ArtSpace is delighted to present Ficre Ghebreyesus: Polychromasia. Opening on March 30, 2013, this retrospective exhibition will celebrate the work and life of the late Eritrean-born artist. While his paintings and photographs are in many private collections, this will be the first solo exhibition drawn from his vast body of work.
Polychromasia, or multicolored, aptly describes Ghebreyesus’s work, which is bursting at the seams with chromatic energy, kinetic form, and optical intensity. His paintings, pastels, and photographs bear witness to multitudinous sites of inspiration. Of his work, Ghebreyesus wrote:
…When I paint I am accompanied by dissonances, syncopations, and the ultimate will for life and moral order of goodness. A trip to the market guaranteed a dazzling range of traditional crafts repeated from one generation to the next without ongoing critical intervention and independent of religious function. These crafts included a dazzling range of works such as reed baskets and hand-spun, hand-woven embroidered cotton garments in exquisitely-resolved colors. The caves near my mother’s village are full of prehistoric rock drawings and paintings. My eyes took in all of this; my painting allowed me finally to process the seemingly dissonant visual information.
Ghebreyesus achieves syncretic brilliance. Framed by Eritrean crafts, textiles and architecture; the polyglot influence of world literature and philosophies; BeBop, modern jazz and polyrhythms of the African diaspora; as well as the masterworks of paintings populating the museums Ghebreyesus frequented, the works that have been selected for Polychromasia offer a survey of the myriad styles, mediums and scales that he worked in over his career. A catalog will feature texts by Anne Higonnet, Key Jo Lee, and Robert F. Thompson, as well as an introduction by Ghebreyesus’ wife, poet and scholar Elizabeth Alexander. The exhibition will feature accompanying events in conjunction with scholars and academic departments from Yale University.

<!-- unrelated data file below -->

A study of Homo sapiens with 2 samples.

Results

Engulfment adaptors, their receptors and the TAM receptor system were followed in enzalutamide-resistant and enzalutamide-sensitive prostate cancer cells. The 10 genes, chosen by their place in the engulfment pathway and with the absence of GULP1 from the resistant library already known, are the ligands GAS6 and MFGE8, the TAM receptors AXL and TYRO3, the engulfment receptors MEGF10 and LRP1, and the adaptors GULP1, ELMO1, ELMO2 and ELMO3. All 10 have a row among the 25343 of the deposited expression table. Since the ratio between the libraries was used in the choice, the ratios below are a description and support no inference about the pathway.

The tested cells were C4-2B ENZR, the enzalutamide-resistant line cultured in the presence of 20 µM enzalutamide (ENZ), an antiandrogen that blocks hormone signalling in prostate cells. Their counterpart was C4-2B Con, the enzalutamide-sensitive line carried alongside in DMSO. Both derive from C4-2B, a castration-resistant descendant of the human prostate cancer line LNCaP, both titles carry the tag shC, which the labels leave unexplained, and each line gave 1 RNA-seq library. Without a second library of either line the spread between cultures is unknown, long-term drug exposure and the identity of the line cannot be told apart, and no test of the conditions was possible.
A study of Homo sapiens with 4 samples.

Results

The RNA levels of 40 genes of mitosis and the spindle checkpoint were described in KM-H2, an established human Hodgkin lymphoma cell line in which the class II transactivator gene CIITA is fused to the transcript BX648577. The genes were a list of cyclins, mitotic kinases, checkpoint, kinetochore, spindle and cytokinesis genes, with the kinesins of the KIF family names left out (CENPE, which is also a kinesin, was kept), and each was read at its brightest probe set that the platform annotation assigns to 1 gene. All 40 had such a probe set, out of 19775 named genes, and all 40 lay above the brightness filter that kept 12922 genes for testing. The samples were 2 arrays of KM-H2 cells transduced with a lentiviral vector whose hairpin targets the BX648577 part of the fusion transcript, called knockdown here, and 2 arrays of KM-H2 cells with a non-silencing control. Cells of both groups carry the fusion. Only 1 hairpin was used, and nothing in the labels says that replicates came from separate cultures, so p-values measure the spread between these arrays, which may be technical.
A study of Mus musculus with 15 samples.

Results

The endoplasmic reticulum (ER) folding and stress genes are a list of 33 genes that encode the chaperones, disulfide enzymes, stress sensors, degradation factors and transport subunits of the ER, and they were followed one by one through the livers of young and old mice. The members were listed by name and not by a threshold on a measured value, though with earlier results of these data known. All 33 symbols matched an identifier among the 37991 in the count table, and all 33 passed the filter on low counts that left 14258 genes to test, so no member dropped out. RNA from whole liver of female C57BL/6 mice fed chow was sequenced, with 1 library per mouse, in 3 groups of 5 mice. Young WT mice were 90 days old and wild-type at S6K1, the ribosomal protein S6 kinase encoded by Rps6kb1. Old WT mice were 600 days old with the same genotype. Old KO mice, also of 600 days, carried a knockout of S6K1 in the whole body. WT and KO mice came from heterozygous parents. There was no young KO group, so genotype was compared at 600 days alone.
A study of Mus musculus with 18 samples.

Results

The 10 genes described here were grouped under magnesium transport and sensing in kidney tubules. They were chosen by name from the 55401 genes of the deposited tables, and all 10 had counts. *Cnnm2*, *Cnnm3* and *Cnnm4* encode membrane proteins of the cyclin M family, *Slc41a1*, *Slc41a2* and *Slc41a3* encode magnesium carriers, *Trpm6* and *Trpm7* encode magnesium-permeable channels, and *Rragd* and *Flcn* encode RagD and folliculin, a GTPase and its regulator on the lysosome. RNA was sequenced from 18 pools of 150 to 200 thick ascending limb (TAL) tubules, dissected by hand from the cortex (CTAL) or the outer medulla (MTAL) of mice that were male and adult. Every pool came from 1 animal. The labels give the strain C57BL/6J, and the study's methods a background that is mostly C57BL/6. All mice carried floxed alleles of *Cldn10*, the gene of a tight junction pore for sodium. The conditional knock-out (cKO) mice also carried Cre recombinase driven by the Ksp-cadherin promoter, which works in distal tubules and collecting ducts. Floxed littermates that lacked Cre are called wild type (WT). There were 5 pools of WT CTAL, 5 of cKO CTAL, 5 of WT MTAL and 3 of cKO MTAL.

About the Artist:
Ficre Ghebreyesus was born in Asmara, Eritrea. He studied painting at the Art Students’ League and printmaking at the Bob Blackburn Printmaking Workshop, both in New York City. He also studied at Yale University, where he earned his M.F.A. in 2002 and was awarded the Carol Schlossberg Prize for Excellence in Painting at graduation. Ghebreyesus made his life in New Haven for almost thirty years, where he lived with his wife Elizabeth Alexander and their sons Solomon and Simon. From 1992–2008, he was the chef/co-owner of the immensely popular Caffe Adulis that brought Eritrean cuisine to New Haven and New York City. He also worked tirelessly on issues involving Eritrea and its independence.
About the Exhibition Organizer:
Key Jo Lee is a fourth year graduate student pursuing a joint degree in the History of Art and African American Studies. Her dissertation studies materiality and meaning in nineteenth-century African American photographic portraiture and includes a foray into contemporary African American artistic practice and contemporary conservation and restoration practices. She’s written several critical essays for emerging artists, including a long-form exhibition essay for the artist Felandus Thames for his September 2012 solo exhibition at the Jenkins Johnson Gallery. Ms. Lee’s other interests include images of and by African diasporic subjects as well as black visual humor, sartorial choice (especially the selective gender bending of 1920s and 1930s-era female performers), and black abstraction. She is a fellow with the Yale Office for Diversity and Equal Opportunity and a Robert E. Steele intern at the Yale University Art Gallery.
About the Events:
April 5, 5:00–7:00 PM: Opening Reception
April 19, 5:00–7:00 PM: An Evening of Music and Poetry, sponsored by the Yale Department of African American Studies. Featuring Yusef Komunyankaa, Tracy K. Smith, Kevin Young, and Aracelis Girmay.
About the Panel Organizer:
Elizabeth Alexander is a poet, essayist, playwright, and teacher. She has published six books of poems including American Sublime (2005), which was one of three finalists for the Pulitzer Prize and was one of the American Library Association’s “Notable Books of the Year.” Her two collections of essays are The Black Interior (2004) and Power and Possibility (2007), and her play, Diva Studies, was produced at the Yale School of Drama. In 2009, she composed and delivered “Praise Song for the Day” for the inauguration of President Barack Obama. She is the Thomas E. Donnelley Professor of African American Studies and the chair of the African American Studies Department at Yale University.